Progressives, of course, simply call it “about damn time.”

Many explanations have been offered for this phenomenon, but the most compelling attributes it to educational polarization. With educated people moving leftward on social issues, companies must use their market power to agitate for the social justice causes that appeal to this desirable demographic. You can tell this story optimistically — “a new generation of idealistic employees is finally making corporate America a force for good!” Alternatively, it’s just cynical gesturing, letting employees pretend they haven’t sold out to a corporate behemoth.

The cynics just got some new evidence from Netflix.

Hollywood has been the bellwether on many social justice issues, including the recent #MeToo movement and the racial reckoning following the death of George Floyd. In June 2020, Netflix was among many entertainment firms that hastened to support racial justice and Black creators.

Now, the company is pulling back on a number of projects from some of its top Black names, including an animated series based on “Antiracist Baby.” It also put employees on notice that it will not bow to internal pressure to remove “harmful” content, pressure such as last year’s employee walkout over a Dave Chappelle special.

“If you’d find it hard to support our content breadth, Netflix may not be the best place for you,” reads a blunt “culture memo” from the company.

This seems part of a broader trend in Hollywood of moving away from the overt activism of recent years. “During the last few weeks,” the Los Angeles Times reported Tuesday, “the entertainment industry has undergone a gradual retrenchment from liberal social activism at the corporate level, at least when it comes to making grand public statements on specific issues. Companies that issued unreserved statements of support during the Black Lives Matter protests … have said next to nothing about the U.S. Supreme Court’s probable overturning of Roe vs. Wade.”

It’s probably too harsh to say Hollywood’s purported social justice commitments are merely marketing strategies that companies abandoned as soon as the vibe shifted. But a softer cynicism seems warranted: Hollywood was glad to make grand, symbolic gestures as long as they weren’t too costly, but they’re suddenly looking more expensive.

Educational polarization might have made taking sides on contentious issues seem less risky than it used to be for companies, because the most affluent customers — and educated employees — were all on one side. It seemed profitable to cater to their opinion, even if this made a bunch of less well-heeled people mad.

But downscale customers also spend money on movies and streaming services. Perhaps more importantly, they vote.

Earlier this year, during the controversy over Florida’s new parental rights law, internal activists wanted Disney to use its considerable power as a major Florida employer to pressure legislators to drop the bill. Disney executive Bob Chapek initially resisted, saying he didn’t want the company to become a “political football,” but after news of the dispute leaked, he eventually caved.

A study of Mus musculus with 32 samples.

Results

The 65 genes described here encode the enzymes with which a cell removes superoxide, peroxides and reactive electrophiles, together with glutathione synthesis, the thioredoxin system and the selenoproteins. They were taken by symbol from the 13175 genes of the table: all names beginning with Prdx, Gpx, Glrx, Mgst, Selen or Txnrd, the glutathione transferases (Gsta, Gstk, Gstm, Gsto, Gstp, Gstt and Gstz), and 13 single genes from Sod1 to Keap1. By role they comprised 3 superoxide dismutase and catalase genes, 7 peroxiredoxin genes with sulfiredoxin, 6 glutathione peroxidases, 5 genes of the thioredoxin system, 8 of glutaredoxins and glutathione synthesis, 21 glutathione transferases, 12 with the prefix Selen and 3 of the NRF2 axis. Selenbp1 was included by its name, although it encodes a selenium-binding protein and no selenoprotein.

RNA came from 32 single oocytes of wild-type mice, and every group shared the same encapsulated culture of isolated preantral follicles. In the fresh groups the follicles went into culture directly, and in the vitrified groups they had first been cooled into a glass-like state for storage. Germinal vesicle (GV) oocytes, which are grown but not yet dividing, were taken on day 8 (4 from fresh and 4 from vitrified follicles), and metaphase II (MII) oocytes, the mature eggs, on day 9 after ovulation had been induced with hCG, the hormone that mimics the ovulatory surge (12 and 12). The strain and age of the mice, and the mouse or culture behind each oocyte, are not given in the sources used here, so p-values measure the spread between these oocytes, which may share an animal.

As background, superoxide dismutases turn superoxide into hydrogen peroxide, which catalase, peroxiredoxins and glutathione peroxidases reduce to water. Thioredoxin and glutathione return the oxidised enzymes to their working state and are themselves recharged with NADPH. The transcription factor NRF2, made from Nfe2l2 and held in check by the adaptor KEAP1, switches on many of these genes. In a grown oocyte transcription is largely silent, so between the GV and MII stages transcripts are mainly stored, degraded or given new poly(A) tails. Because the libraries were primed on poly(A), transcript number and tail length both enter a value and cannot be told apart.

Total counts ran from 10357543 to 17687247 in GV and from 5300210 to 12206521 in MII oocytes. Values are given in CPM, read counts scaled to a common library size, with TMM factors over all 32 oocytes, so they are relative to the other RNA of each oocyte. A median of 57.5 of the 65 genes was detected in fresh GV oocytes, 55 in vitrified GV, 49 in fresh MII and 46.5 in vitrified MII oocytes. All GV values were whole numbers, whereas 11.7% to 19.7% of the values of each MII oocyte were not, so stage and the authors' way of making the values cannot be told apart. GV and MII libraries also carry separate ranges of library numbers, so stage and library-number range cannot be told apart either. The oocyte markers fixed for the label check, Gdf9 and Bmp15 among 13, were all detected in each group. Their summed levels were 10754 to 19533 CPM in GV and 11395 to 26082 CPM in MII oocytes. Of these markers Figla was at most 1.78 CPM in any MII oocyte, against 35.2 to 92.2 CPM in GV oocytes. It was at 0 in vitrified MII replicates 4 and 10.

The resulting fracas with Florida legislators saw Disney stripped of its special powers over the area surrounding Disney World, where the company essentially functioned as the local government. Now, the Wall Street Journal reported earlier this month, business leaders are asking one question: “How can we avoid becoming the next Walt Disney Co.?”

At least Disney has a growing streaming business, with unexpectedly strong subscriber growth last quarter. Netflix lost subscribers during the same period and is now facing a slowing economy, inflation-strained households and rising interest rates that must be nerve-wracking for a company built atop a mountain of debt. Layoffs rapidly ensued, and corporate idealism has apparently been shown the door.

That’s exactly what should have been expected. Netflix is a business, not a charity. Denounce capitalist greed if you like, but of course that greed is really just businesses reflecting consumers back to themselves.

Netflix presumably refused to cancel Dave Chappelle in part because management thinks the service will gain more subscribers from keeping his shows than it will lose — and canceled “Antiracist Baby” because it doesn’t believe the project will generate enough subscribers to justify the cost. If you think those decisions should be reversed, your quarrel is with the audience, not Netflix.

Of course, it wasn’t crazy to think that Netflix and its brethren might wield their power to change the minds of some in that audience. But that power was always going to be sharply limited by the economic needs of the business, which the left seems to be forgetting as it pressures companies to take the strongest possible stance on everything. There is no corporate shortcut to social change that sidesteps the need for politics and persuasion, because, faced with the choice, companies will always choose making money over making history.